Australia’s Catholic bishops will tomorrow open their second plenary meeting of the year under COVID-19 restrictions, with almost 40 bishops and other senior Church figures to gather online.
The Australian Catholic Bishops Conference holds biannual plenary meetings each May and November. The May meeting this year was moved online – the first time such a gathering had not been held in person in the Conference’s 54-year history.
“We had hoped back in May, when gathering via videoconference, that we would be able to meet in person by the time of our November meeting,” Bishops Conference president Archbishop Mark Coleridge said.
“The second wave in Melbourne, where we had been due to meet, meant a face-to-face plenary was impossible. Our growing familiarity with videoconferencing technology and our May experience mean we are better prepared this time.”
Among the items on the bishops’ four-day agenda is the establishment of a new national agency with responsibility for all areas of safeguarding and professional standards.
“Building on the excellent work of existing agencies, this consolidation of roles and responsibilities currently carried out by several offices will create a more effective and efficient means of tackling these critical issues,” Archbishop Coleridge said.
The new agency is expected to commence its work early in 2021.
The bishops will also review the new National Response Protocol, which will create consistent, survivor-centred practices for investigation of historical and contemporary complaints and allegations of child sexual abuse.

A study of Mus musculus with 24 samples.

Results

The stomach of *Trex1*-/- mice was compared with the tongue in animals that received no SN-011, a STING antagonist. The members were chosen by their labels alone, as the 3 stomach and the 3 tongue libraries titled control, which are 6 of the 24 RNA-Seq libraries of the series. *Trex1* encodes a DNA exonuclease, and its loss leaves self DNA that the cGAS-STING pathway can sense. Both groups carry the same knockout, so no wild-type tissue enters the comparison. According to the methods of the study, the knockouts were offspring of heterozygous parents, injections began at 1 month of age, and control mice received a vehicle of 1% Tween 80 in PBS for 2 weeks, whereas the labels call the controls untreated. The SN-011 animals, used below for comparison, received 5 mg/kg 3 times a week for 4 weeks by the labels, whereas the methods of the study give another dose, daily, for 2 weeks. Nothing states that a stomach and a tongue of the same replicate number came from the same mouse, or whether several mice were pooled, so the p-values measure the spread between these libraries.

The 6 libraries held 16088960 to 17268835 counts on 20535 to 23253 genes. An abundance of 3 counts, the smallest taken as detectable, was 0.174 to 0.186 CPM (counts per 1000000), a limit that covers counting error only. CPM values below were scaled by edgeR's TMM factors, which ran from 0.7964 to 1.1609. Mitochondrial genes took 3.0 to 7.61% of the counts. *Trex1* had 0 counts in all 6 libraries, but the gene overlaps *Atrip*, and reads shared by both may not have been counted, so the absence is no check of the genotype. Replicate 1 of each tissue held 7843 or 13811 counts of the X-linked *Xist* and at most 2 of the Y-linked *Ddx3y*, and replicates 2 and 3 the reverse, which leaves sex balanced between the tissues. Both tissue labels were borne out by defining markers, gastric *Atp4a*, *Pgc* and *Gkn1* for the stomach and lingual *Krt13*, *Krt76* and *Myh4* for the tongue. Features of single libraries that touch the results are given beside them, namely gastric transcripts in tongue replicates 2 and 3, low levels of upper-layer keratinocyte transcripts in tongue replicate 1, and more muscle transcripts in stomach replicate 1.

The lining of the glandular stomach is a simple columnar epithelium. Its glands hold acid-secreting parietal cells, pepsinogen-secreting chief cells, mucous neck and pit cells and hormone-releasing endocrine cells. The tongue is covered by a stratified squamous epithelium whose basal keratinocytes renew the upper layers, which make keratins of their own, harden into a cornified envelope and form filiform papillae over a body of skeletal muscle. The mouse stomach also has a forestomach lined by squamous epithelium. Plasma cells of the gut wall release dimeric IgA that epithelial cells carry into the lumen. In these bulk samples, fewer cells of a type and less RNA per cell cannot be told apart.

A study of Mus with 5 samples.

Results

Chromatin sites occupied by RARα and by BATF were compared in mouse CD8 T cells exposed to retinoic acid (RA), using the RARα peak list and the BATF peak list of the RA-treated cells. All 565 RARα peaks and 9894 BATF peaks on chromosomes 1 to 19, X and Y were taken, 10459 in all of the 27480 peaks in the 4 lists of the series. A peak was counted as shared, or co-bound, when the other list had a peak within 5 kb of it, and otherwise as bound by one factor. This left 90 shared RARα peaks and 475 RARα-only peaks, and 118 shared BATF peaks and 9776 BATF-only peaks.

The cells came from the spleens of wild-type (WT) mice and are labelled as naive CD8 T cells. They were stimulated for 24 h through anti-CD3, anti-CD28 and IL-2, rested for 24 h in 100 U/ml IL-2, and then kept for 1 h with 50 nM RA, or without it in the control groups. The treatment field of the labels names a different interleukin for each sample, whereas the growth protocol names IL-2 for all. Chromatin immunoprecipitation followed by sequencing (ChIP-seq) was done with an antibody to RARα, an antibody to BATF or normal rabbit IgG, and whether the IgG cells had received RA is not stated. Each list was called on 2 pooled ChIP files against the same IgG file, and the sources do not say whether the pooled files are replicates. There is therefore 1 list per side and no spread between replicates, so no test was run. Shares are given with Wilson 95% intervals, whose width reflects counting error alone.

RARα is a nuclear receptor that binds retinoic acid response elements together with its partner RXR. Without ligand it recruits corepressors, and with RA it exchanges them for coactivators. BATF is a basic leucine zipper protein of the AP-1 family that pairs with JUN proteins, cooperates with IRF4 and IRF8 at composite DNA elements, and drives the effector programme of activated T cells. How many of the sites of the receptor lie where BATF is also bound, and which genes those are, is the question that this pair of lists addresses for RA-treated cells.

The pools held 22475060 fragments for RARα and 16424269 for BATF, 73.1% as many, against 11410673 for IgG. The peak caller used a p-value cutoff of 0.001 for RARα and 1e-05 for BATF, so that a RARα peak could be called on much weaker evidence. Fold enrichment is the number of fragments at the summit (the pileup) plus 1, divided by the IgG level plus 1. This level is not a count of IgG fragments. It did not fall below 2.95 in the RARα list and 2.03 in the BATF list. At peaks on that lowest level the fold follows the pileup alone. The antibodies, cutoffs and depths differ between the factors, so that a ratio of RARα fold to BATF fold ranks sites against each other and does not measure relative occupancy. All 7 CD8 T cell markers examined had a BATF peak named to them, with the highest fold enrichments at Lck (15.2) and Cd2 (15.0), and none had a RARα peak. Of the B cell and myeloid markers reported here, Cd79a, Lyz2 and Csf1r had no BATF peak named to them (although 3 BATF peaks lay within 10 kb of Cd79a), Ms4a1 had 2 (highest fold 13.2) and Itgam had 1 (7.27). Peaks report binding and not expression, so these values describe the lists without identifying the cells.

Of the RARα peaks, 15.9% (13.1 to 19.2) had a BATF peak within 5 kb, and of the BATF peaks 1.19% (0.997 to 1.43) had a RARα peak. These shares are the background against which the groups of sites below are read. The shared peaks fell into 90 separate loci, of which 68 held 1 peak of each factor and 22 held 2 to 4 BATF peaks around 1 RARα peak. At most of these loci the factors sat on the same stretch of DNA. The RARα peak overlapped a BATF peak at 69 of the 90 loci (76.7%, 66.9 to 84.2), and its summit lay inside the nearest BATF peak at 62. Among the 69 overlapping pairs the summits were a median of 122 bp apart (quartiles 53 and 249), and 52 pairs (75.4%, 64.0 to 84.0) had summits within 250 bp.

“The development of the Protocol has been complex and thorough, and it has included input from a range of stakeholders, including survivors and their supporters,” Archbishop Coleridge said.
“We are confident that the Protocol will allow people with complaints or allegations to see them handled in the same way anywhere within the country and regardless of when or where the abuse is said to have occurred,” Archbishop Coleridge said.
COVID-19 – its challenges, changes and opportunities – will be an overarching theme of the week.
“The world and the Church have been changed by the pandemic, perhaps forever. The bishops want to understand that more deeply and ask how we can respond in ways inspired by the Gospel,” Archbishop Coleridge said.
Other items on the Bishops Conference’s agenda include the review of Church governance The Light from the Southern Cross: Promoting Co-Responsible Governance in the Catholic Church in Australia, the induction and formation of bishops and the formation of men for the priesthood.
“We ask Catholic people around Australia to pray for the bishops as we gather. We will certainly be praying for them in this strange and troubled time,” Archbishop Coleridge said.